Rorippa sessiliflora (Nutt. ex Torr. & A. Gray) Hitchc. - Sessile-flowered Cress

Rorippa sessiliflora plant

Family - Brassicaceae

Stems - From long, thick, white roots, glabrous, to +60cm tall, becoming purplish in strong sun, ridged, branching in the upper half, herbaceous, erect, fistulose.

Rorippa sessiliflora stem

Leaves - Alternate, petiolate, glabrous. Basal leaves pinnatifid, to 10cm long, 2-3cm broad, divided almost all the way to the midrib. Divisions rounded to subacute, with a minute mucro. Leaves becoming less divided towards and smaller towards the apex of the plant. Leaf tissue cuneate all the way to the base of the petiole and forming two small auricles at the base of the petiole.

Rorippa sessilifolia leaves

Inflorescence - Terminal and axillary racemes, compact in flower, quickly elongating in fruit to +/-15cm long. Rachis of the inflorescence glabrous. Pedicels of the flowers 0-1mm long, to 2mm long in fruit, typically spreading perpendicular to the stem in fruit.

Flowers - Sepals 4, pale yellow, erect, 2mm long, .5mm broad, glabrous, rounded at the apex, slightly inflated, fugacious. Petals absent or very minute, when present the petals are spatulate, -2mm long, .5mm broad, glabrous, translucent yellow, fugacious. Stamens 4, erect. Filaments glabrous, 2-2.2mm long, translucent-white. Anthers yellow, .3-.4mm broad. Ovary green, glabrous, 1-2mm long in flower, -1mm in diameter, cylindrical, quickly expanding. Style absent. Stigma capitate, .8mm broad. Siliques cylindrical, glabrous, beaked by the persistent style and stigma, to 1cm long, 2-2.5mm in diameter, 2-valved, many-seeded.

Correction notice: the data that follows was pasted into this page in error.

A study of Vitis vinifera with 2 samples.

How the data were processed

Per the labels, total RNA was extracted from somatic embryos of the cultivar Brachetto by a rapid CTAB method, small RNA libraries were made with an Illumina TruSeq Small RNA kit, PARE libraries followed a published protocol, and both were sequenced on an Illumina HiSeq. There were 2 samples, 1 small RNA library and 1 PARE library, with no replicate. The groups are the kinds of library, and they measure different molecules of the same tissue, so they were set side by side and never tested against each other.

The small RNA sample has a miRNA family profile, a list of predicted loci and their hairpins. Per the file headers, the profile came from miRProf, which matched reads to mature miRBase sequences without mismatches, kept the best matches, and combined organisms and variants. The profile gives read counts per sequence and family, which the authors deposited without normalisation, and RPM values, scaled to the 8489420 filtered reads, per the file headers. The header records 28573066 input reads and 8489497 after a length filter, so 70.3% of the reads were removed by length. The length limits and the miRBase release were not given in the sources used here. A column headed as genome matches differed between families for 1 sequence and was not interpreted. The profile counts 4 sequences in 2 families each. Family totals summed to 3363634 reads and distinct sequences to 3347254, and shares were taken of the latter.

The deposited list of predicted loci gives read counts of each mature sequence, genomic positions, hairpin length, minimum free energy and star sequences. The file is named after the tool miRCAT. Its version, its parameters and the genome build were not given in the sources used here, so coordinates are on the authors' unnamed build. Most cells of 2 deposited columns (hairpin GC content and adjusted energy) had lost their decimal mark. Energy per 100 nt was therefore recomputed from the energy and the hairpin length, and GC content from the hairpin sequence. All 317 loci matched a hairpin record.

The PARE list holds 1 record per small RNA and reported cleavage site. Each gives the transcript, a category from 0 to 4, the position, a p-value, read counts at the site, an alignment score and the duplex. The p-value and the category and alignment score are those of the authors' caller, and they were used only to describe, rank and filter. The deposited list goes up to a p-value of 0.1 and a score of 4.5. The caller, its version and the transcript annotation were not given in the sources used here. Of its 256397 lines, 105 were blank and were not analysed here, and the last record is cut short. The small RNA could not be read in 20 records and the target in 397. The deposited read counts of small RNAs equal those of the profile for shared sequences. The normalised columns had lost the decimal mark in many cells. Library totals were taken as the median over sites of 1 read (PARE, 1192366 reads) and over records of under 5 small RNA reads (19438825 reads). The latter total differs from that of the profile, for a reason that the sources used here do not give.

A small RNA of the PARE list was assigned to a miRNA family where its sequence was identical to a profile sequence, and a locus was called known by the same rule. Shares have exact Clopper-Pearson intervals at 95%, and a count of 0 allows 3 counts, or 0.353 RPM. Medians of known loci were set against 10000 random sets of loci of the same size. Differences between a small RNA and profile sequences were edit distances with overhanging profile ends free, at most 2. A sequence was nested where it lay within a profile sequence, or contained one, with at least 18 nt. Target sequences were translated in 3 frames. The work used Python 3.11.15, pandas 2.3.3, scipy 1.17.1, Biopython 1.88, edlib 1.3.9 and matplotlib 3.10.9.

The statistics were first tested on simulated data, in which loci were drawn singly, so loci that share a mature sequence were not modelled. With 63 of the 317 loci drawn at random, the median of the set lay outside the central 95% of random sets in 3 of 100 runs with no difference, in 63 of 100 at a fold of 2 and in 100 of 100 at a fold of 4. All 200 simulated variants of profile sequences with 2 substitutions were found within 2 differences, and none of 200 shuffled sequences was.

Rorippa sessilifolia flowersFlowers.

Rorippa sessilifolia fruitsFruits.

Flowering - April - October.

Habitat - Bottomland forests, banks of streams and rivers, sloughs, levees, railroads and roadsides.

Origin - Native to U.S.

Other info. - This species can be found scattered throughout Missouri but is absent from much of the central Ozark region. Yatskievych speculates that this absence may be due to the lack of muddy habitats in this region.
R. sessiliflora can be identified by its habitat, divided lower leaves, minute flowers, and many-seeded fruits. The short pedicels of the fruit are the shortest of any Rorippa species in the state.

Photographs taken at Davis Ferry, Monroe County, AL., 3-26-06.